Summer Health Risks: Fun in the Sun or Danger Alert?

When summer comes, it is easy to think of carefree days, family picnics, vacations, and outdoor fun; but summer health risks are everywhere, waiting to create some not so pleasant memories of late night trips to the emergency room.

With a little preparation and a lot of common sense, summer can be safe and worry free.

Health Risks from the Sun

To begin, let’s consider the summer health risk common to all of us and the various problems it can cause: Of course I’m talking about THE SUN. People of all ages and all health conditions can be at risk for the following:Dehydration can occur when more water is exiting the cells than is entering.

This occurs when excessive exercise and/or heat exposure are combined with insufficient fluid intake. Dizziness, thirst, weakness, and decreased urination are the symptoms of dehydration. Plain water, and resting away from the heat, is the best treatment. Limit soft drinks and alcohol, and watch for signs of progressing heat illness.

Heat exhaustion occurs when the body is depleted of water or salt; in water depletion, there is excessive thirst, weakness, headache, dehydration, and dizziness that can lead to fainting. Salt depletion is characterized by weakness, cramping, nausea, vomiting, diarrhea, rapid heart rate, and profuse sweating. Treatment is rest in a cool place, preferably air conditioning. Beverages should be given, but no soft drinks or alcohol. A cool bath or shower is good, but no ice bath! Use fans and cool towels; if there is not relive in 30 minutes, watch for signs of heat stroke.

Heat stroke happens when the body temperature reaches 105 degrees or higher. Heat stroke is one of the most dangerous of the summer health risks. There can be difficulty breathing, profuse sweating or no sweating at all, confusion or restlessness and anxiety, red hot skin, nausea and vomiting, and a fast heart rate. Call 911 right away, and get the individual to a cool place, encouraging him to sit up and take fluids and loosen or remove clothing. Apply ice packs to the neck, armpits, and groin, where major blood vessels are. Do not give the victim an ice bath, or aspirin or acetaminophen. Rehydrate with 32 to 64 ounces of fluids over 2 hours, and get that body temperature down!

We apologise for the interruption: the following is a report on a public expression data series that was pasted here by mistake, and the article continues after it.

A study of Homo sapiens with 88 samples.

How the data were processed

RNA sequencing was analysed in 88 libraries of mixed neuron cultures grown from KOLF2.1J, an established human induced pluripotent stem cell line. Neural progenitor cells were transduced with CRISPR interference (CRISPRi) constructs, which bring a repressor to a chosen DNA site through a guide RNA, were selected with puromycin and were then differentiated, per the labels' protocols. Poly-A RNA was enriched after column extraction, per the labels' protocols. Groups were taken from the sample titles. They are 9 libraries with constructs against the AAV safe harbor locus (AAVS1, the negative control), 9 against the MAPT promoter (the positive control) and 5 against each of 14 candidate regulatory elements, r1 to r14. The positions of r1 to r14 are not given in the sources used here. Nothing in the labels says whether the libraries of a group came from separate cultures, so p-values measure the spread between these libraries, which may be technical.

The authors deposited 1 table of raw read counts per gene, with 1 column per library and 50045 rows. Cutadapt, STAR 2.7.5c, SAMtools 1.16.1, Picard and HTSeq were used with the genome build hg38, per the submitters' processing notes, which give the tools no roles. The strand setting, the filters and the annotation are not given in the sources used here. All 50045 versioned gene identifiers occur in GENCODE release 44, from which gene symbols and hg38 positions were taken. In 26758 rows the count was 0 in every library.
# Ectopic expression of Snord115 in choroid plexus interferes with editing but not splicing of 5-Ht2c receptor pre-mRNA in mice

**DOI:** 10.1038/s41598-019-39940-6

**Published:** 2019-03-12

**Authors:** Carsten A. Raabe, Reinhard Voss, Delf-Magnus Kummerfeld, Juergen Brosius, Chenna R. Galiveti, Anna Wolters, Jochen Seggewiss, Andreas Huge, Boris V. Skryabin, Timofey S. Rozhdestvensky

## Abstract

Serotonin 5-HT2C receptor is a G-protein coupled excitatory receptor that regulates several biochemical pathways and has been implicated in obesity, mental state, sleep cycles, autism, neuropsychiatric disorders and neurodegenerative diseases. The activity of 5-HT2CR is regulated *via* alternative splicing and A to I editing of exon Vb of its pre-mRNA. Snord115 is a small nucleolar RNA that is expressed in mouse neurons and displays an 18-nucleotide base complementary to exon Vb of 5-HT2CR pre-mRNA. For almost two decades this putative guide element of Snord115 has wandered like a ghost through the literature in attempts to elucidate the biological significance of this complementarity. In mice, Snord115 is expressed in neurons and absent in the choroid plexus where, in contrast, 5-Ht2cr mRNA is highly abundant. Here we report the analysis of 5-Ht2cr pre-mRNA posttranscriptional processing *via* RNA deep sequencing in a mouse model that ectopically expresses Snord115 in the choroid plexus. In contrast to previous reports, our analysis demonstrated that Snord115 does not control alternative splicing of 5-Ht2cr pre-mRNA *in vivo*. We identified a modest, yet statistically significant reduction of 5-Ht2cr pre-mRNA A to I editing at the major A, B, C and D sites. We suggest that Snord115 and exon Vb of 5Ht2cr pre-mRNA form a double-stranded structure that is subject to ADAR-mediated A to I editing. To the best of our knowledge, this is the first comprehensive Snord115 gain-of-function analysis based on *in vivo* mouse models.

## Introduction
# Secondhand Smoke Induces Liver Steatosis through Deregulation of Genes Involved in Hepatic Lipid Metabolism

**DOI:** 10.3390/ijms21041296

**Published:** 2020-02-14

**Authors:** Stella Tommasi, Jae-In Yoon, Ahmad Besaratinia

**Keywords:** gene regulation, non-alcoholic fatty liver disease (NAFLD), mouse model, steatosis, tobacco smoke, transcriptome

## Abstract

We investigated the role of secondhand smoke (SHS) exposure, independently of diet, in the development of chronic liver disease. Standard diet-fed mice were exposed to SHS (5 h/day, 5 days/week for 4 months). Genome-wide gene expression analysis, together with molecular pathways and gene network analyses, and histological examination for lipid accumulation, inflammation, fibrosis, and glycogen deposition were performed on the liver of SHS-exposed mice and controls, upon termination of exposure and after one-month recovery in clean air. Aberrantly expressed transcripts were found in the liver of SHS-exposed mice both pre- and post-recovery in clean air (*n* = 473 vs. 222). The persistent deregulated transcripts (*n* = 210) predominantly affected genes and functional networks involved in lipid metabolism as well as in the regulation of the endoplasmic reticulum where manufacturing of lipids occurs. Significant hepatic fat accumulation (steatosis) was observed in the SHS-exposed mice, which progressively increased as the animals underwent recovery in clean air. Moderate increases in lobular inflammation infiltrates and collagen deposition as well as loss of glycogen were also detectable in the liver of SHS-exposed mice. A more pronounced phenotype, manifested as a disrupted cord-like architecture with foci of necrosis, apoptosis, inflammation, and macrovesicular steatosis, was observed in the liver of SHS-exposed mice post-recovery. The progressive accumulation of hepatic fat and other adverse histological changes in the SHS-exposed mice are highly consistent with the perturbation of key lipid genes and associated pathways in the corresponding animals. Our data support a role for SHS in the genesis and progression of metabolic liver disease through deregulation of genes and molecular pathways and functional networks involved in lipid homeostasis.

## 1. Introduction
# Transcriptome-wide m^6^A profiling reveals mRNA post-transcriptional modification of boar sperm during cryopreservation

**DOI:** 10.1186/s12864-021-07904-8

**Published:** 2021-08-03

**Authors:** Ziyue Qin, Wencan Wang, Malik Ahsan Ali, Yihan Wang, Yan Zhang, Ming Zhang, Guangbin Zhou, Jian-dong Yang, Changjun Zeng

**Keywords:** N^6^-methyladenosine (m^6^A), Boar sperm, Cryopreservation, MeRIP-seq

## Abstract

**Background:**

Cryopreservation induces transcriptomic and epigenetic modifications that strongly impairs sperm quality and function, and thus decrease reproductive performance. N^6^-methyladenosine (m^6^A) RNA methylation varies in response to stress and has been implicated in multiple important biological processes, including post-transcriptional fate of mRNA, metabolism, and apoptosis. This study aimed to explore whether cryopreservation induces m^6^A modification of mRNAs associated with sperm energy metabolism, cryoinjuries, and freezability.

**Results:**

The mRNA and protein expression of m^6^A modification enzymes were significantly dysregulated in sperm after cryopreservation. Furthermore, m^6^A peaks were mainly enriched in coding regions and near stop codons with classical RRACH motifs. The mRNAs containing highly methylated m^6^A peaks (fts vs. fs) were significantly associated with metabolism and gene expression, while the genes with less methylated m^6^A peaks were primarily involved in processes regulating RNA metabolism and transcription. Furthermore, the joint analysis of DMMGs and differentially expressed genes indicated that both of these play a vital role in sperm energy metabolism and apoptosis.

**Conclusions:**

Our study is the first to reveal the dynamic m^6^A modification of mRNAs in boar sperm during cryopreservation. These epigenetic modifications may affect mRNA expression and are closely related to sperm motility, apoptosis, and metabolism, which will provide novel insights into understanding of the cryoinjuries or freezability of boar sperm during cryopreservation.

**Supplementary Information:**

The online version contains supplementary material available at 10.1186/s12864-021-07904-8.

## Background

Picnic Health Risks

Other summer health risks happen as picnic season approaches; eating outdoors encourages many unwelcome guests, such as ants, flies, and worst of all, stinging bees! Closing up trash containers and covering food will discourage the insects. Most stores sell citronella and other effective deterrents. Knowing if anyone present is allergic at your picnic can save a life if a sting occurs’ many people carry an epi-pen in case of emergency. Food poisoning is also an outdoor eating risk. Remember to keep cold food cold and hot food hot, and put away leftovers as soon as possible.

Many Summer Health Risks

The large number of people flocking to the beaches in the summer greatly increases the chances of sunburn; adequate sunscreen will prevent the danger of sun poisoning, skin blistering, or at worst, skin cancer. Drowning is also a summer health risk, and children should always use the buddy system when swimming in a pool or a lake; but there is not substitute for an alert adult supervising and swimming with the kids.

Fireworks, boating accidents, an increase in auto accidents and sports injuries are all part of summer fun, but the incidents can be greatly reduced if common sense is used, and the dangerous activities are left in the hands of the professionals. Water safety and defensive driving courses are offered in most communities; also, most sports have safety equipment. Helmets for baseball and cycling do prevent head injury, and knee and elbow pads protect bones and joings while playing. Spending on safety equipment now saves the medical bills later.

Summer health risks can be avoided, if thoughtful preparation goes into your summer fun plans, so go have fun, and be safe!